Woman suffers head injuries after allegedly being hit by e-scooter
Elsewhere, three people rescued from flat after e-scooter battery pack caused fire
A woman was taken to hospital with head injuries after she was allegedly hit by an electric scooter in Bedok on March 7.
The police told The Straits Times that they were alerted to a case of rash act causing hurt at Block 151, Bedok Reservoir Road, at about 6pm.
A 45-year old woman was conscious when taken to the Changi General Hospital. Police investigations are ongoing.
Lianhe Wanbao in a report on Saturday identified the woman as Ms Goh Lay Yong.
Ms Goh told the evening daily on Saturday morning that she crosses the overhead bridge daily to and from work.
On Wednesday night, she was on her way home and had just stepped off the overhead bridge when an e-scooter hit her from behind, she said. She lost consciousness immediately.
Earlier this week, an e-scooter rider was given the maximum fine of $2,500 after he admitted to injuring a boy while riding the device in a negligent manner.
The Straits Times had earlier reported that 110 accidents involving e-scooters were reported in the first nine months of last year and the Government is cracking down on reckless riders.
Meanwhile in another incident, three people were rescued from an HDB flat in Senja Road after an e-scooter battery pack caused a fire.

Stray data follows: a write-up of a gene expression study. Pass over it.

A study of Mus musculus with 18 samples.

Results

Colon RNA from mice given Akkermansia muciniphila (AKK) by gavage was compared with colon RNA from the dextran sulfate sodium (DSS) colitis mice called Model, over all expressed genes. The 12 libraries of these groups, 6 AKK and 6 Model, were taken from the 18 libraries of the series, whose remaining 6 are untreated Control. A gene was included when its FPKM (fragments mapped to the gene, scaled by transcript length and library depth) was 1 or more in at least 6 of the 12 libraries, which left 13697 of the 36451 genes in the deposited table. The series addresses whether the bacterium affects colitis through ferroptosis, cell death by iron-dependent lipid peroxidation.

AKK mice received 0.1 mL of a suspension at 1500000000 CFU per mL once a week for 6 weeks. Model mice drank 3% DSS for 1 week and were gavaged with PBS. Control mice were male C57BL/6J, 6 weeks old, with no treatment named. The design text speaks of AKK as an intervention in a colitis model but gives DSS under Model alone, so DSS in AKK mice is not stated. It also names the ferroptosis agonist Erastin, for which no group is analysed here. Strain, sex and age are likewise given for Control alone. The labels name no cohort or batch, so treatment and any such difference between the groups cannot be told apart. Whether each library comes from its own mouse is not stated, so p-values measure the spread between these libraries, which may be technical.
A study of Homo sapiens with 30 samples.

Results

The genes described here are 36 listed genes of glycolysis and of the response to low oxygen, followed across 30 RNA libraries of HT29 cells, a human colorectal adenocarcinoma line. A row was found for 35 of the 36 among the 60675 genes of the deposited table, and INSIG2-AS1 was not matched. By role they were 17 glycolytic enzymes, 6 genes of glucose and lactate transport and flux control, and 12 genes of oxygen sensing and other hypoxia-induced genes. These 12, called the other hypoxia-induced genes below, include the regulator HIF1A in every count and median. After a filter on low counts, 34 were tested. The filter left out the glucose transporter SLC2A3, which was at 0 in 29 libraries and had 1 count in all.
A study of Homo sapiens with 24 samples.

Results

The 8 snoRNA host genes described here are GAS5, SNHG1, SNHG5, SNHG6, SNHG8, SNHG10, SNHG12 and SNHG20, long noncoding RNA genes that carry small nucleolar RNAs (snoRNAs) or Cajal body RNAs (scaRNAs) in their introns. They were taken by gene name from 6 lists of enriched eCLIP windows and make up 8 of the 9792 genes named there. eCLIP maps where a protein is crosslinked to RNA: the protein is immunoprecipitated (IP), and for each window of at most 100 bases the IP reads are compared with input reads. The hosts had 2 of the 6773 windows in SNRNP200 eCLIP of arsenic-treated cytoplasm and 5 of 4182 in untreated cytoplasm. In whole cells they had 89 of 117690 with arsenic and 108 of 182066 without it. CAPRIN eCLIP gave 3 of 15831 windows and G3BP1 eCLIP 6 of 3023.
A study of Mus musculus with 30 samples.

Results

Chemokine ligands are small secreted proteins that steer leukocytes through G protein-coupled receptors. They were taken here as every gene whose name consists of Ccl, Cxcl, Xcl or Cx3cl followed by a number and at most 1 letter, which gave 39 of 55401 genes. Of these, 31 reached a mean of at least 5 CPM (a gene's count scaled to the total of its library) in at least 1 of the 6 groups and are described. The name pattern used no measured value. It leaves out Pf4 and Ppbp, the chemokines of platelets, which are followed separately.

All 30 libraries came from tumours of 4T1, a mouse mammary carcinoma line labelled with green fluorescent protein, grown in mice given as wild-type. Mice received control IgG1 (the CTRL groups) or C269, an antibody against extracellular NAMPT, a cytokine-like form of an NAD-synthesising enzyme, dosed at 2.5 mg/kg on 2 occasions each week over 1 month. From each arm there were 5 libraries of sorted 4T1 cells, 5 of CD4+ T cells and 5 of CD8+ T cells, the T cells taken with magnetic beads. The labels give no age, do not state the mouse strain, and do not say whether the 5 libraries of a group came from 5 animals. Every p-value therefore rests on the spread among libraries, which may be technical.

In a Facebook post on Saturday night, the Singapore Civil Defence Force (SCDF) said it responded to the blaze in a third-storey unit at 636C, Senja Road, at 9.05pm.
Firefighters had to force their way into the flat through the front door and extinguished the fire using a compressed air foam backpack and a water jet.
They also pitched a ladder at the rear of the flat, rescuing the flat's three occupants from the air-conditioner ledge.
All three were taken to Ng Teng Fong General Hospital for smoke inhalation.
According to SCDF, its preliminary investigation found that the cause of the fire is of electrical origin and had started from the battery pack of a personal mobility device .
In its annual statistics released last month, SCDF said the number of e-scooters catching fire had gone up significantly last year. There were 40 such fires, up from nine the previous year, with most caused by batteries.